Facilities Data That Captures C-Suite Attention
Buildings talk — but do they talk to your CFO? If you listen carefully and through the right system, your facilities could tell you how to reduce operational failure risk, increase energy efficiency, and anticipate capital expenditures.
Chris Browne, Director, Corporate Solutions Operations, Jones Lang LaSalle (November 2012)

{{RELATEDLINKS}}CFOs may not think they need to know the status of a HVAC unit in a data center hidden in the foothills of the Cascade Mountains. And they may be right — sort of. What the C-suite does need is confidence in the reliability and efficiency of facilities equipment throughout the global real estate footprint. Ask any manufacturing line manager: Plant shut-downs cause ripples throughout the global supply chain that cost millions in both dollars and customer sentiment. The C-suite notices.

Creating Meaningful Business Analytics

Today’s emerging facility management platforms are generating data that, more than ever before, can be aggregated in a meaningful way to inform business strategy at a high level — both in terms of managing risk and informing strategic planning. Within many of the most popular facilities management systems in use today, building automation merely drives the efficiency of individual systems and components, which certainly has value in and of itself. But today’s integrated facility management encompasses far more than individual building efficiencies — rather, it provides a global approach.

Through new open-platform, remote facility monitoring and data aggregation systems, corporations and other building owners now have the ability to gather operations data from their facilities around the world. And with that ability to gather source data also comes the technological muscle to create meaningful business analytics.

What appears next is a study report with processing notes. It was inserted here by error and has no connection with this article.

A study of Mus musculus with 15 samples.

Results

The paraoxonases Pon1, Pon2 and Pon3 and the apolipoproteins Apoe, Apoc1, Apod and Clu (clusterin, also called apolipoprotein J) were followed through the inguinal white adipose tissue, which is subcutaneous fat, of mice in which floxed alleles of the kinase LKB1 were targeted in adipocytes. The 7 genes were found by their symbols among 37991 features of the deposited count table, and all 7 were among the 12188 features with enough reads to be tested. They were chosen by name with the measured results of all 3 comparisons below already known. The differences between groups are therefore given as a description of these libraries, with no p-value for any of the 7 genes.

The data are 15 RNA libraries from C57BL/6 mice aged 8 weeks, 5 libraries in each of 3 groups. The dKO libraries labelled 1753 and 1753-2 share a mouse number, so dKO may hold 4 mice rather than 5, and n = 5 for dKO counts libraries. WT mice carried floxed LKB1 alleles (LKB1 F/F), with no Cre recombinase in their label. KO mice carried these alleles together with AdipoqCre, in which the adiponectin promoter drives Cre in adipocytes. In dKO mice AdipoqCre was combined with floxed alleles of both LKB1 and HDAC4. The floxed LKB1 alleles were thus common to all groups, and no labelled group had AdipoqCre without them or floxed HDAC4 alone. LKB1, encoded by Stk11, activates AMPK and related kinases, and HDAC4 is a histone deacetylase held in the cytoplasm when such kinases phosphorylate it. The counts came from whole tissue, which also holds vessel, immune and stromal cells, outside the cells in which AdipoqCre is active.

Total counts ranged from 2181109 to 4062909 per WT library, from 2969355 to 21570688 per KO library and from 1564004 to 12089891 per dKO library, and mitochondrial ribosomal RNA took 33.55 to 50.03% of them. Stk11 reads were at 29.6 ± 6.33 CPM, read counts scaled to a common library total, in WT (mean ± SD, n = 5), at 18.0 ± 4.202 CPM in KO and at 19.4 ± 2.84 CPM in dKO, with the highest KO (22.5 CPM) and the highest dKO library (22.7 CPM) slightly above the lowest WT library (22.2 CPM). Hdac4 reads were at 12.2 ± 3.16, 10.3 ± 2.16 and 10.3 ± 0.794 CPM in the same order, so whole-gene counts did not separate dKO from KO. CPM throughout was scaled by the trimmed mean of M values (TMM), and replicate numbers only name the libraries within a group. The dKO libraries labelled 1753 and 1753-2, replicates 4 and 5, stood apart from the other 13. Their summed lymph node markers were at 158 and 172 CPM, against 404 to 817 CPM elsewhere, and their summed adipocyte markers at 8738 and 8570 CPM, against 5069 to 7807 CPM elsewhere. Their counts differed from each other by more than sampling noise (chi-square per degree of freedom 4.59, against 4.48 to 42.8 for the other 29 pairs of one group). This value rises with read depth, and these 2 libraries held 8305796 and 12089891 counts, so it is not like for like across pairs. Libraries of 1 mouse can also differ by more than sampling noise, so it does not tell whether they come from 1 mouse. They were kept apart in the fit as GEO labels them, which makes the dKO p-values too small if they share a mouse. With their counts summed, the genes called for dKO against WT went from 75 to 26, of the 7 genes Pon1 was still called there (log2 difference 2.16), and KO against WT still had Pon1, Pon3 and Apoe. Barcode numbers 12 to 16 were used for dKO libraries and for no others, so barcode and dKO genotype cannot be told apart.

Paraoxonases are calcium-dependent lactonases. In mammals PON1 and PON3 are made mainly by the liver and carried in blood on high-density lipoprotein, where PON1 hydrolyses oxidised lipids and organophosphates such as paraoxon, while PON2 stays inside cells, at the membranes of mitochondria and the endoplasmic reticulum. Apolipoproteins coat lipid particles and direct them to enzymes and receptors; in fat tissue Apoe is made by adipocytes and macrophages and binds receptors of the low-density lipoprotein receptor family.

But let’s speak in the language of the CFO. Integrated facility management platforms have evolved to provide comprehensive facilities intelligence. Coupled with skilled professionals to implement and interpret trends, a sophisticated integrated facilities management system will:

Information Is Power
Operational data for individual buildings or a global portfolio can be surprisingly hard to come by — and even harder to aggregate. When you lack data, an apples-to-apples comparison of locations in different parts of the globe becomes nearly impossible, and benchmarks are challenging to establish. But new technologies are bringing this data together, and to dashboards fit for an iPad in some cases.

Following is an analysis of several new trends in integrated facilities management, and how they can help corporate real estate departments to drive positive business outcomes:

Talking the Talk
CFOs typically want to know how soon systems can be aligned following building purchases or an M&A. In fact, platform-agnostic systems like IntelliCommand can make systems integration much easier, since they work with nearly any standard building automation system in use today. Using the information gathered through such systems, an integrated facilities management team can diagnose and resolve any issue in real-time, 24/7, fine-tuning operations for optimal performance through proactive and continuous monitoring.

Building productivity is the holy grail of creating savings through strategic portfolio management. At CoreNet (November 2011), Jones Lang LaSalle launched IntelliCommand™, the industry's first integrated building management solution that combines cloud-based, smart-building technology with a world-class team of engineering and operations professionals to enable 24/7, real-time remote monitoring and control of facilities and portfolios worldwide. Chris Browne describes how predictive analytics can pinpoint building maintenance and management issues through more productive and efficient management.

But the full value of smart building facilities management systems is realized only when system-enabled buildings are connected to a smart grid. For example, such systems can act as a translator between individual buildings themselves and other energy systems — including managing the inflow and outflow of building energy. Imagine new revenue streams from selling excess heat generated by a building rather than the expense of covering a spike in air conditioning. The possibilities are in their infancy since most cities lack smart grid infrastructure, but this open communication between buildings and the surrounding grid lays the groundwork for significant energy efficiencies and cost savings.

Location selection has always relied on economic, real estate, and labor market statistics to inform decision-making. But as smart buildings, smart integrated facilities management systems, and smart grids become increasingly available, CFOs and corporate real estate executives are likely to find that these technologies affect where — and what types of — facilities should be located to best support innovation, cost-efficiency, and productivity.